Part 5 of our serial reading from von Schenk's The Presence ties Bethlehem with Christ's Resurrection Body and, of course, with the Altar. Here's the first half of chapter III:
Finding Bethlehem Today
Finding Bethlehem Today
Our destiny is supernatural. We must be caught up with the divine love. We are to love God so much, and be so “one with Him” that His own very love is to shine in us and through us to others.
Now you will say: “That is right. I have failed in my life because I have not had love, the God love in me. But I see it now.” And then, with tears in your eyes, you will say bitterly: “How can I own this love? How can I fulfill my destiny of union with God? It is a beautiful thought—and yet so impractical.” But that is not true. It is not vague. Bethlehem is not just a beautiful fact of history. You can find Bethlehem. Bethlehem is here today, living and vibrant. Bethlehem comes to us in the Sacrament of Holy Communion. At the Altar you find Bethlehem—There is Christmas! If we become as a child of simple faith and good will we shall see it as we have never seen it before.
The angel’s [sic] directed the shepherds:
“And this shall be a sign unto you. Ye shall find the babe wrapped in swaddling clothes, lying in a manger.”
Is there not a sign for us? Bethlehem is a very beautiful story. It must be more than the sweetest story ever told. Christmas must really be more than candles, more than tinsel. How is this possible? We were directed to Bethlehem by way of Bethlehem’s doctrine. Then we progressed to the though how Bethlehem shows us our highest destiny. Let us now see how Bethlehem is brought down to us today.
At Bethlehem, 1900 years ago [von Schenk writes in 1945!], God applied the laws of His own creation, focusing Himself in the form of a little Babe. The Word, the Eternal, was made flesh so that we could behold Him, grasp Him, see Him. He did this because the world is what it is. However, He has also focused the truth of Bethlehem so that it can be vibrant and living today. He did this because of what we are. What are we? Spirit? Only immortal soul? All of that, but more. We are a spirit functioning through matter. Our soul expresses itself through our body—our weak, frail, finite body.
“God is a spirit and they that worship him, must worship him in spirit and in truth.” We cannot cast out our spirit from our body. Our body is the only vehicle by which our spirit can work. We are an infinite soul, wrapped in a finite body. God has given us the spiritual enshrined in the material. He gives us the unseen veiled in the seen. He did this in Bethlehem. It is because of this that the Christmas story is so meaningful to young and old. It is to be more than a story, even more than a great truth of doctrine. Bethlehem must be brought down to today. Bethlehem today! How? Where? At the Altar. “This shall be a sign to you.”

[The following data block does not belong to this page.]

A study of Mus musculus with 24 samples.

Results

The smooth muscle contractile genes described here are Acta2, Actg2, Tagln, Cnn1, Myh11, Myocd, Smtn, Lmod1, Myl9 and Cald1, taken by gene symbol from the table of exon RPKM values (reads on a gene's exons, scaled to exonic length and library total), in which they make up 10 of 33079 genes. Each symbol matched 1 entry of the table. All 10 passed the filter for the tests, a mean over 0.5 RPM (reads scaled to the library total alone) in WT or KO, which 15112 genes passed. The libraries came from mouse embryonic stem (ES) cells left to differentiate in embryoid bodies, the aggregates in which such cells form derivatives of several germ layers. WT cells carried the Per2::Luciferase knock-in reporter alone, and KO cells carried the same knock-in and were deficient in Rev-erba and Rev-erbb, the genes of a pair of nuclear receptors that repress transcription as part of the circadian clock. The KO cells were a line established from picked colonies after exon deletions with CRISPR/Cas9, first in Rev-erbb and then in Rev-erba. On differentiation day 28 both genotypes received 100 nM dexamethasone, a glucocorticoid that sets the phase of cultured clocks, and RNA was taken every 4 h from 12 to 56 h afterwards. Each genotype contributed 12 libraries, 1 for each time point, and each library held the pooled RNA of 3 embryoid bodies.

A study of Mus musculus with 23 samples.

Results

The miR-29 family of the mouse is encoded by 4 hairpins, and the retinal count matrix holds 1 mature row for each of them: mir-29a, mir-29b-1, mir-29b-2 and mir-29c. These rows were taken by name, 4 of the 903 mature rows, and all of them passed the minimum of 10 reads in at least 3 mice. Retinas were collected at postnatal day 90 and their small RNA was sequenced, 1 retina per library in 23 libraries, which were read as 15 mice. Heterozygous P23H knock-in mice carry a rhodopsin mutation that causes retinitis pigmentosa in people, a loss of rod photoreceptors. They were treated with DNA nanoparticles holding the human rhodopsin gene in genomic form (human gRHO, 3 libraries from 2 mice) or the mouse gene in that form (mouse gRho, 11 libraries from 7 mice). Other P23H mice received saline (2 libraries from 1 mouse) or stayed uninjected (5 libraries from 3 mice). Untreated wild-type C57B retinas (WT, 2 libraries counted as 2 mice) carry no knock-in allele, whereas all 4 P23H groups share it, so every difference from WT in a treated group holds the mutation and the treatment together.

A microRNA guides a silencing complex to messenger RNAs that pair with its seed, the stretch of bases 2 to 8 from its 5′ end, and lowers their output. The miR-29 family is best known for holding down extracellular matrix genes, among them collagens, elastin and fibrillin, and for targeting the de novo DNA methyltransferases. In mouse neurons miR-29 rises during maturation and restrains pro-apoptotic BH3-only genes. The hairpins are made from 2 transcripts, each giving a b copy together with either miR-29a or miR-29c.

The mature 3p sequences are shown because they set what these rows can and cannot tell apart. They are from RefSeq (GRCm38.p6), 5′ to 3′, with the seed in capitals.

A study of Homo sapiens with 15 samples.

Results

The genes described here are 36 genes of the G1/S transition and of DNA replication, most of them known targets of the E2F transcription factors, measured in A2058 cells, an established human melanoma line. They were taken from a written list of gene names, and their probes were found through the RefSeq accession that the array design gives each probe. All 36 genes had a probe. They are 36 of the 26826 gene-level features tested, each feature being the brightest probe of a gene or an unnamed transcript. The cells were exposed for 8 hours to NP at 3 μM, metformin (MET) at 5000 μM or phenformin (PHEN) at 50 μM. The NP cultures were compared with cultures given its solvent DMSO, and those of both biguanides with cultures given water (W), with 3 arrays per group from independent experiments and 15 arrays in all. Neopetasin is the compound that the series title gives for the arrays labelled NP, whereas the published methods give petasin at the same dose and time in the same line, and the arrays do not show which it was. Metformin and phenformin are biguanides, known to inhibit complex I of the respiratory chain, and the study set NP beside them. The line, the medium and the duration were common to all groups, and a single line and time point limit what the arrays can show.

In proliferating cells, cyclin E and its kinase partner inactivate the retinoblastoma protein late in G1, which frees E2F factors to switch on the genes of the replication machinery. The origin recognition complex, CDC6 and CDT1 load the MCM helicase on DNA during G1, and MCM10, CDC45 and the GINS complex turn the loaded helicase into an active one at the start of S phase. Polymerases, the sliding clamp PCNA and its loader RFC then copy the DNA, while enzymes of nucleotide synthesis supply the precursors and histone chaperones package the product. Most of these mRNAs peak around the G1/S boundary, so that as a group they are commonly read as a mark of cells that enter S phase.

Why must Bethlehem be more than an event, more than a doctrine, a theory? Faust answers: “Grau, teurer Freund, ist alle Theorie, und gruen des Lebens goldener Baum.” [“Gray, dear friend, is all theory, and green the life the golden tree.”] All theory is indeed gray. Christmas must be green and living.
If we take offense at God’s making this truth of Bethlehem real to us by His Real Presence at the Altar, then we must take offense also at the whole Christmas story. If we stumble at the Altar, we shall also stumble at the threshold of the stable.
There are people who say: I believe only in the non-material religion. That position would be correct if we were angels—but we are not. We are men. Therefore, God must deal with us as we are. What, then, is our doctrine of the Altar? We believe that the bodily Presence of Christ is in the bread and wine. The Catechism calls it “a sacramental, not a spiritual eating and drinking.” Through the outward means, bread and wine, we obtain the inward, the Body and Blood, given and shed for the remission of sins. It is the unseen, veiled in the seen. Now we know that God is everywhere. But is not God in any special place? We ask Moses, “Where is God?” He tells us, “God is everywhere.” “But is He not in any special place, Moses?” “Aye, in the burning bush. Take off thy shoes.” We ask the High Priest, “Where is God?” “Everywhere.” “But is He not in some special place?” “Aye, in the Holy of Holies, at the Ark of the Covenant.” We ask our catechumens where God is. They reply: “Where the Word is.” How true! But is He not in some special place? Yes, at the Altar, for Christ says: “This is My Body.” You may say to yourself; is not all this quite complicated? It is, unless you have the interpreter’s stone. The key to the whole problem is the spiritual Body of the Risen Saviour. Recall that after His resurrection, He had the spiritual Body. He came through closed doors, and yet the disciples saw Him. He ate broiled fish and yet ascended to Heaven. Now we cannot explain this risen spiritual Body, because the risen Body of the Lord is governed by divine laws of which we know nothing.
We know it only by revelation. But if we deny the reality of the spiritual Body we shall have to remove from our Bible all the resurrection appearances of our Lord, and that is what many people do, consciously or unconsciously. They cannot think of a body, except it be like there own, carnal, limited, subject to death and decay. But Paul insists that there is a natural body and that there is a spiritual body. At the cemetery we say it…”Sown a natural body; is raised a spiritual body…for this corruptible must put on incorruption.”
If you desire to bring Bethlehem down to today, then you must sit at Paul’s feet and listen closely to his teachings of the Resurrection Body. Likewise, in our comprehension of the Bodily Presence of Christ in the Sacrament, we must also sit at Paul’s feet to hear him declare: “There is a natural body and there is a spiritual body" (pp. 49-52).